About our union

Our purpose

Education Minnesota is the leading advocate for public education in Minnesota. Our 89,000 members work in pre-K-12 schools and higher education institutions statewide. They include:

  • Education support professionals.
  • Faculty at several university campuses, community and technical colleges.
  • College students preparing for an education career.
  • Retired educators who have devoted their lives to students.

Education Minnesota gives “voice” to the issues that affect educators and their students. We make sure our members’ voices are heard anywhere decisions get made that affect public education—whether it’s at the state Capitol, in Washington, D.C., or with local school administrators.

How we serve members

We organize members on a local basis. Education Minnesota has 467 local unions statewide. Our locals help mentor new teachers, provide professional development, negotiate and maintain work contracts, and much more. Our 150 staff members in 16 offices statewide serve as resources to our locals.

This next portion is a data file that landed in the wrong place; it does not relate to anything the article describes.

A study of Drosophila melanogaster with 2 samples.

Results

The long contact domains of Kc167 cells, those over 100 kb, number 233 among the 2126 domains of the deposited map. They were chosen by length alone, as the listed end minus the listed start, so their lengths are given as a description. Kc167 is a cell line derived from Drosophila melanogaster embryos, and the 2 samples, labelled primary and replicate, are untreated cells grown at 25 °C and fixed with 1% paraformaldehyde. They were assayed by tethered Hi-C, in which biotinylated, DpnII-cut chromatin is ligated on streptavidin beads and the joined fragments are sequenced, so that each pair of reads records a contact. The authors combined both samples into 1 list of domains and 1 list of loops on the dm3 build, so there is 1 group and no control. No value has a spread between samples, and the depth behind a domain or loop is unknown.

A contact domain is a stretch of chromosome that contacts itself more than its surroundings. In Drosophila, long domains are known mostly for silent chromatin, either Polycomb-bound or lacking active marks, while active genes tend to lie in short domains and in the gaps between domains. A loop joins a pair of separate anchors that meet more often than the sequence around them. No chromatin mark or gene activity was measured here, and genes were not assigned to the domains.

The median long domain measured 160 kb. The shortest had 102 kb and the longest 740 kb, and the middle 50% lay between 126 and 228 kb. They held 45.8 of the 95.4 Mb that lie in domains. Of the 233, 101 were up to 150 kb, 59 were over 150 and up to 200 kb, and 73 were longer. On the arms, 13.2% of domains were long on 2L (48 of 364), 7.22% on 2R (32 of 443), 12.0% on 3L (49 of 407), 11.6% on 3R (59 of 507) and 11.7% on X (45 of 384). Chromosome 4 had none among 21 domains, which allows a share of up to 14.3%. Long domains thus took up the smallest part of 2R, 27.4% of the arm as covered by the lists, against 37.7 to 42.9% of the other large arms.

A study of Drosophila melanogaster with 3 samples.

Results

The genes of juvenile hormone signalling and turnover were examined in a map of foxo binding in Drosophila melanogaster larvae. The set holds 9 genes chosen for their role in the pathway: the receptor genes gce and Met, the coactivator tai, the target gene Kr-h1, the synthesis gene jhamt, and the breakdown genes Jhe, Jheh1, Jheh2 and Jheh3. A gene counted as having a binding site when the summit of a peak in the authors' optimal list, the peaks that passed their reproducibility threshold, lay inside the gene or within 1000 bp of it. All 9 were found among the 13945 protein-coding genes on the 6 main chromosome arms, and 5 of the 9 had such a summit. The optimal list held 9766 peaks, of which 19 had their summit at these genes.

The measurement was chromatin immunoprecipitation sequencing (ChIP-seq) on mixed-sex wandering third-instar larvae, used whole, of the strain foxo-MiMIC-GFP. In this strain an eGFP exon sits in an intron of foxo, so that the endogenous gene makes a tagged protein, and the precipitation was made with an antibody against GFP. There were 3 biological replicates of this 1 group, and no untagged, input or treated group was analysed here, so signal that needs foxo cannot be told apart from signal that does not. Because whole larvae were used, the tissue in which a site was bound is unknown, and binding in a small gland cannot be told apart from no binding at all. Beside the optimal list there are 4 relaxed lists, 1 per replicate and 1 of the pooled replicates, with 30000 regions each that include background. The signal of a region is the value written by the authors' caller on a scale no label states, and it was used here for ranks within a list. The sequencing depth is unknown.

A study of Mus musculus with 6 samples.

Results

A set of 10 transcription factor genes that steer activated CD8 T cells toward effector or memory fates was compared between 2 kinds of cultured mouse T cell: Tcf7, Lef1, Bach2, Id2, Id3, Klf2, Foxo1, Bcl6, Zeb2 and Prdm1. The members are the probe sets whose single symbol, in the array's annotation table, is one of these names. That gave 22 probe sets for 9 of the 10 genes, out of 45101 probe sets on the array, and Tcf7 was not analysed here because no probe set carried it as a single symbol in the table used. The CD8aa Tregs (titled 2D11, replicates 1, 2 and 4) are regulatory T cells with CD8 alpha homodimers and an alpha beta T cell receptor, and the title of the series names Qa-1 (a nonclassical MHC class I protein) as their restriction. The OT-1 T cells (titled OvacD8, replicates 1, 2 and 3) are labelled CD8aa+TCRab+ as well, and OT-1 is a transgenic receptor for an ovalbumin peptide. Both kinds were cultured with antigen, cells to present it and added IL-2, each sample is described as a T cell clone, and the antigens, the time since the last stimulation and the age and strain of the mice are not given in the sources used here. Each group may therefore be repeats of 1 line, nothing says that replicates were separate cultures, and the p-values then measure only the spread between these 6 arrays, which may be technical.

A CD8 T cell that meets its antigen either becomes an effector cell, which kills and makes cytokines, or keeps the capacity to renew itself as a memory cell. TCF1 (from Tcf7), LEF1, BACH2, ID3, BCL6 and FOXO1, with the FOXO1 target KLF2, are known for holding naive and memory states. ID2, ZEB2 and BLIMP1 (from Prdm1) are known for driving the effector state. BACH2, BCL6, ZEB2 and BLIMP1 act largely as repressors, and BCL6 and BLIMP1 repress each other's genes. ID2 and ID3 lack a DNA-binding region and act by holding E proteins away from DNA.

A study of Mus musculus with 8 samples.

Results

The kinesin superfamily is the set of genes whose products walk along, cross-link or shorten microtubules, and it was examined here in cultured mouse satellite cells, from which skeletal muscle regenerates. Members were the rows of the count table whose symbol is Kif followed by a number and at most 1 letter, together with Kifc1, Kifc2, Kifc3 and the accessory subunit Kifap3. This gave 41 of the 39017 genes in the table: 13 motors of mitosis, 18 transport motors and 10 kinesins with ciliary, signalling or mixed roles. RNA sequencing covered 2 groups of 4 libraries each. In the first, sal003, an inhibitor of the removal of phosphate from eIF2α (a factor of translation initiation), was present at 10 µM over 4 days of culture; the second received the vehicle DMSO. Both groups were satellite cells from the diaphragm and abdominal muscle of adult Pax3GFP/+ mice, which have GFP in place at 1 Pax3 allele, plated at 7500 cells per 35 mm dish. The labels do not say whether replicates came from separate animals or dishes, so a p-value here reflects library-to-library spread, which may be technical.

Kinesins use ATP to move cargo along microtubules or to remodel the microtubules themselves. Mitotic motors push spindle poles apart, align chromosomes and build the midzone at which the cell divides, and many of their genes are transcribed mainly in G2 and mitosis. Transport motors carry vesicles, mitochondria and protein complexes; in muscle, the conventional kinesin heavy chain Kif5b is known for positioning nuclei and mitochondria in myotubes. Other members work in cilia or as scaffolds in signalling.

Our leaders

Three teachers on leave from their classrooms lead our organization:

Education Minnesota's leaders are guided by our statements of principle, our strategic plan, and our constitution and bylaws.

Each spring more than 500 elected delegates meet to set policy and direction for our organization at our annual business meeting, the Representative Convention. Our governing board meets throughout the year to set dues, adopt a budget and carry out directives passed at the annual meeting.

Our history

Education Minnesota was formed in 1998 as a result of the merger between the Minnesota Education Association and the Minnesota Federation of Teachers. MEA, originally called the Minnesota State Teachers Association, started in 1861. MFT began as the Grade Teachers Organization in 1898.

Both MFT and MEA advocated for professional standards, improved working conditions and increased education opportunities for all students. On a national level, the MFT aligned itself with the American Federation of Teachers and the AFL-CIO while the MEA affiliated with the National Education Association.

In 1991, MEA and MFT initiated merger discussions after both organizations recognized that they could be more effective working together than separately.

A national leader

Education Minnesota led the nation in bringing the two state education unions together. Since then, educators in Florida, Montana and New York have followed. Today, Education Minnesota members hold memberships with the American Federation of Teachers, the National Education Association and the AFL-CIO. The combined forces make Education Minnesota the strongest advocate for Minnesota educators and the students they teach.